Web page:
Narcissists and borderlines tend to minimize or deny a codependent partner’s good qualities and exaggerate the negative. Conversely, trauma bonded codependents tend to exaggerate a narcissistic, borderline or alcoholic partner’s good qualities (even seeing attributes that don’t exist) and minimize or deny the negative.
See the problem?
This dynamic has several consequences. It can lead to endless, pointless circular arguments in which you defend yourself against the narcissist or borderline’s criticisms, distortions and lies. This is called JADE (justify, argue, defend, explain). It’s indicative of a power imbalance and just makes you more stuck. It can cause a codependent to try harder to prove they’re “good enough” and deserving of love. Except abusive personalities maintain their power by withholding whatever it is their victim desires most from them. In other words, that carrot will forever dangle out of reach.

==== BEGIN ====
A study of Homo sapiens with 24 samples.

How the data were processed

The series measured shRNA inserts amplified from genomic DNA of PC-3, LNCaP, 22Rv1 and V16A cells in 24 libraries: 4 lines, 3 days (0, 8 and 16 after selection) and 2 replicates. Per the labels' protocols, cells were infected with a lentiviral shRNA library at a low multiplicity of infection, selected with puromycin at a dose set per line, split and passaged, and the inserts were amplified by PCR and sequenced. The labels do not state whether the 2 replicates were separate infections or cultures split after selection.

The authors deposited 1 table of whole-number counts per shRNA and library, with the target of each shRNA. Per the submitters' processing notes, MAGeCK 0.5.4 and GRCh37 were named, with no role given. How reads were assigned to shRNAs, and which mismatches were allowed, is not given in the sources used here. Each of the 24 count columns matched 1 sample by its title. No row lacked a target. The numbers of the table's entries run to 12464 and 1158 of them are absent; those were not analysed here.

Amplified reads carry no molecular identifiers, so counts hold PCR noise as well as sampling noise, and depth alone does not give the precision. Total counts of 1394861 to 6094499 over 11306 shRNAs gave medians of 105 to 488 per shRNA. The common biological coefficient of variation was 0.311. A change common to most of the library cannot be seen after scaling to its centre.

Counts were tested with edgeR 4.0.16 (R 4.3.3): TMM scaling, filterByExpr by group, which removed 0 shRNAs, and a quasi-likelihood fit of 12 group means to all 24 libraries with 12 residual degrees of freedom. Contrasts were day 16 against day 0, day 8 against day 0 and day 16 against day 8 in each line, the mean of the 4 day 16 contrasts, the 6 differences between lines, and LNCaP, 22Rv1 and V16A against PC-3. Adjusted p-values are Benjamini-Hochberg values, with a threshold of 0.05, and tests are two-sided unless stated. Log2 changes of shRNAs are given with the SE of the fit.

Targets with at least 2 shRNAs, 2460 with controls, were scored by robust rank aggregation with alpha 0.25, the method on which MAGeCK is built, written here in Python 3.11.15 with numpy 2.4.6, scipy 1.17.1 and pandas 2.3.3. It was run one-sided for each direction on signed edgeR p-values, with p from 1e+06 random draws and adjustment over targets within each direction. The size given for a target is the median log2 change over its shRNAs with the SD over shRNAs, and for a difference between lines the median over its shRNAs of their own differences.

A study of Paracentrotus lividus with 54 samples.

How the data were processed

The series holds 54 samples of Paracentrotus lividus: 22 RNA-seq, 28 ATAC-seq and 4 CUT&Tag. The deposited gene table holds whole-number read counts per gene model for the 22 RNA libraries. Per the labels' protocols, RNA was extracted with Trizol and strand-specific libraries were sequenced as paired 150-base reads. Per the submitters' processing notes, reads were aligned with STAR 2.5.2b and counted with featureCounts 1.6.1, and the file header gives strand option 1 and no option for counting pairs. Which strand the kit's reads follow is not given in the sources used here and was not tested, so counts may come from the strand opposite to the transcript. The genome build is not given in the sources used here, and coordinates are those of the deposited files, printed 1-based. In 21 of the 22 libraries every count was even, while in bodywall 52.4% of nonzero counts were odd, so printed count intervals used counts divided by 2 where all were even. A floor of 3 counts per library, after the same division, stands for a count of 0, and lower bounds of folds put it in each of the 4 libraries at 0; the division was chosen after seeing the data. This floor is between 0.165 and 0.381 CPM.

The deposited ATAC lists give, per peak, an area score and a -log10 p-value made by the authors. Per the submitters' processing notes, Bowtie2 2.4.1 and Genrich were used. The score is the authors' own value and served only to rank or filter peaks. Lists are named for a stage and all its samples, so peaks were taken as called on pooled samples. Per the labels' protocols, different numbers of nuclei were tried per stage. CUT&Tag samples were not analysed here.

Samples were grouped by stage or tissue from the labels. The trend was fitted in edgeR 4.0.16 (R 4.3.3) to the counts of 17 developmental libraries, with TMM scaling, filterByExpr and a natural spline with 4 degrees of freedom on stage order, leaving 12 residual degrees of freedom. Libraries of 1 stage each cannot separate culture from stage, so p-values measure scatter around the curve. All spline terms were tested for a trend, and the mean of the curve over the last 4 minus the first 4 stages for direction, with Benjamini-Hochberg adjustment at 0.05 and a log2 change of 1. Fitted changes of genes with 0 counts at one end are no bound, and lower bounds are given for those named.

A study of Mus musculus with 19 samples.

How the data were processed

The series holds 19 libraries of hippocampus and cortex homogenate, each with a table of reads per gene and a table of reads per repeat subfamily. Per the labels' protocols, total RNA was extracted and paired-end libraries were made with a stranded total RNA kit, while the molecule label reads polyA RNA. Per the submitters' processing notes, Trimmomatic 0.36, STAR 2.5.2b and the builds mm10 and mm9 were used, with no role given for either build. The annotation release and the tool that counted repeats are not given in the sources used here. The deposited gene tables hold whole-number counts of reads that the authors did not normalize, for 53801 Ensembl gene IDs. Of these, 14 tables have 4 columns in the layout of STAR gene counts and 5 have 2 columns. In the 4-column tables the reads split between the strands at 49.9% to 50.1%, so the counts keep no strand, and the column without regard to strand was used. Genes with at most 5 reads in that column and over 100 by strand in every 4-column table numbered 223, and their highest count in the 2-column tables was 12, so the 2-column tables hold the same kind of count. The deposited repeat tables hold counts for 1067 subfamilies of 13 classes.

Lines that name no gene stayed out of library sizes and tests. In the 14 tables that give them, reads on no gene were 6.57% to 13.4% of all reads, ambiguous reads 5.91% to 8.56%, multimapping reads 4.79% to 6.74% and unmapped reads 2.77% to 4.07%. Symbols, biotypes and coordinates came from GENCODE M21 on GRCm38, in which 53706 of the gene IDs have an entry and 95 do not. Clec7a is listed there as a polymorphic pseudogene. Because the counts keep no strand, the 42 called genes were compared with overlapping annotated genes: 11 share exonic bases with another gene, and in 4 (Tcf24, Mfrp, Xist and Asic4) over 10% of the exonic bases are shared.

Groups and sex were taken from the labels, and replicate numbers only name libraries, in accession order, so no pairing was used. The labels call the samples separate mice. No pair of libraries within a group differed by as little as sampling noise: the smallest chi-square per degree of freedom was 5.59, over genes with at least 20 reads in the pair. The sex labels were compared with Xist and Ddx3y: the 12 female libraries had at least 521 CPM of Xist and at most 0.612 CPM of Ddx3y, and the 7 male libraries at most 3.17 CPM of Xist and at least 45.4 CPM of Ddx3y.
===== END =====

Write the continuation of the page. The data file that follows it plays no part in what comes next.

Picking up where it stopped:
Most importantly, the exaggeration or fabrication of good qualities prolongs the denial of and bargaining against accepting reality. That is, you are trapped in unending grief. And you wonder why your relationship is so painful!
Are narcissists and borderlines good people who do bad things? Or are they bad people who sometimes do good? Put another way, does the occasional act of kindness make up for repeated acts of cruelty and lack of remorse? I don’t think so.
To clarify, by remorse I mean sorry for hurting you. Not the typical self-pity and “poor me-ism” of professional victims like narcissists and borderlines when they finally experience negative consequences for their shitty behavior.
Have you engaged in this kind of self-deluding and self-destructive behavior in your relationship with a narcissistic or borderline partner? Did you begin to believe you were all the horrible things they accused of being that, in hindsight, were likely projection? Are you ready to face reality? Or, are you okay with the painful consequences of ignoring reality?